July 30, 2009
Following up on the high frequency trading (HFT) theme of my last blog, I came across yet another New York Times piece on the evils of HFT. This one was penned by Paul Wilmott, a financial consultant and the founder of the quant journal Wilmott.
In the Times commentary Wilmott focuses his attention on what HFT advocates claim that the technology is offering the financial system: market liquidity. Basically liquidity represents how easy an asset can be bought or sold. HFT purports to increase market liquidity by speeding up price discovery, thanks to the magic of quant codes, HPC hardware and optical communications. Wilmott questions the value of making the market so liquid, inasmuch as real live traders would probably be better off if transactions were executed on a more human scale.
This points to the disparity of goals between silicon-based HFT versus corporeal-based trading. In the case of the former, the aim is to go after narrow margins (pennies per share) with rapid fire trades. But long-term investors aren't concerned with pricing determined in the last millisecond. They're looking to reap much larger margins over the space of months, years or even decades. Can these two approaches live amicably?
Wilmott at least suggests the possibility that they cannot. The problem is that the supercomputers aren't performing price discovery as some sort of simulation exercise. The machines are executing real trades -- that's the whole point. But in doing so, they're affecting the price.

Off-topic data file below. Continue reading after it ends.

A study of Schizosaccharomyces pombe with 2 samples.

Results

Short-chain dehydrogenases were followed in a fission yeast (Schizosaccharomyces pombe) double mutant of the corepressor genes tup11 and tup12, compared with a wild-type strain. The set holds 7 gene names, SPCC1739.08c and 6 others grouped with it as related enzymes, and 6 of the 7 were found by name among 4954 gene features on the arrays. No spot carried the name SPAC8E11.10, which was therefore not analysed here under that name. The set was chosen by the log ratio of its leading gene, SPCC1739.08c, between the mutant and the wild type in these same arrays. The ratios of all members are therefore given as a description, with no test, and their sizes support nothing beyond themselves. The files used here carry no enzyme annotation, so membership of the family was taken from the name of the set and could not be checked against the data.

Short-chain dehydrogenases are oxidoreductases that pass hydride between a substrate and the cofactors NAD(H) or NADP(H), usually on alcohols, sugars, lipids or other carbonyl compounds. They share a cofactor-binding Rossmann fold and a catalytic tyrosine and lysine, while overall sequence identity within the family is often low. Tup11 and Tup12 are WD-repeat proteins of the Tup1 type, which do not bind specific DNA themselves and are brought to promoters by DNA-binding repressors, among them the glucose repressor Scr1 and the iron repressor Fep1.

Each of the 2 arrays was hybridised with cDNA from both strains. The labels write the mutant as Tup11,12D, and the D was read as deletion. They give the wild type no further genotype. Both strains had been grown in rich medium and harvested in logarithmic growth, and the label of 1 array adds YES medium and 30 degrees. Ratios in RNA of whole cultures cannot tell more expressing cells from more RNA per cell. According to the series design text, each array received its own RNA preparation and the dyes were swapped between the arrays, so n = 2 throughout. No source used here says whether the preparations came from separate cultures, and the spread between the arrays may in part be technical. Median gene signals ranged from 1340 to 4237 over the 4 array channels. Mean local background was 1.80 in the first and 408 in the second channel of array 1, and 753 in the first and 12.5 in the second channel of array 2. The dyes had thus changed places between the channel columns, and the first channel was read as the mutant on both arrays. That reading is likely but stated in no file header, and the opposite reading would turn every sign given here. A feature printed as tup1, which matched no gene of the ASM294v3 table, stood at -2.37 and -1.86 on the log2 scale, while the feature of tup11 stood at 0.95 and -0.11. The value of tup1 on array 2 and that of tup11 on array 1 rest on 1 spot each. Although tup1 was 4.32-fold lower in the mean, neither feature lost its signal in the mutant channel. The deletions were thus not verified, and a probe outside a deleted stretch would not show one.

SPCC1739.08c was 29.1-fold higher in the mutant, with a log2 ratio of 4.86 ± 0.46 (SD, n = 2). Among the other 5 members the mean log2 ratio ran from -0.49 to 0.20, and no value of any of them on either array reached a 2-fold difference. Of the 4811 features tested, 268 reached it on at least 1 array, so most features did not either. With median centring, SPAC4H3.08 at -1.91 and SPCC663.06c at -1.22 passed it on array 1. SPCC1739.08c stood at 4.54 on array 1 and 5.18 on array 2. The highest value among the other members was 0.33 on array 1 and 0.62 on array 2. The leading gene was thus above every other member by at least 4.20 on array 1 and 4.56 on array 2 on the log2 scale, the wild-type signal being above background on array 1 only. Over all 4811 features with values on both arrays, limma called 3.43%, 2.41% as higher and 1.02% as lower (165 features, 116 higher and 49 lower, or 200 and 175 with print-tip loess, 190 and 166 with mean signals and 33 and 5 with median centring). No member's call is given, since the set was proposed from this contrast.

He illustrates the effect with the example of the October 1987 stock market crash. During that episode, the Standard & Poor 500 index lost over 20 percent of its value in a single day. He attributes this in part to the widespread use of dynamic portfolio insurance, a type of algorithm used to progressively sell off shares as market prices fall. Wilmott contends that since so much trading was done using the same algorithmic approach, the effect of a natural stock market dip was greatly amplified.
The implication is that many of these super-secret HFT algorithms used by various financial institutions are similar enough to exert this amplifier effect on market behavior. Wilmott sums it up thusly:
A rise in price begets a rise. (Think bubbles.) And a fall begets a fall. (Think crashes.) Volatility rises and the market is destabilized. All that's needed is for a large number of people to be following the same type of strategy. And if we've learned only one lesson from the recent financial crisis it is that people do like to copy each other when they see a profitable idea.
Since no one really knows what all the algorithms look like, it's impossible to say for sure if this is happening. But there's little doubt that HFT is pumping up the volume (literally) in the financial markets. As I mentioned in my previous post, the TABB Group estimates more than 70 percent of all US market trades are executed via HFT.
The fundamental problem seems to be allowing financial vehicles like stocks and bonds to be used for short-term speculation. Stocks and bonds represent investments that are designed to be held for relatively long time periods, not to be traded at sub-second timescales in order to squeeze out micro-profits. If high frequency trading makes the market too volatile, this will tend to scare off the long-term investors. This may or may not be a sustainable model, but I have a feeling we will shortly find out.
Posted by Michael Feldman - July 30, 2009 @ 5:04 PM, Pacific Daylight Time
Michael Feldman is the editor of HPCwire.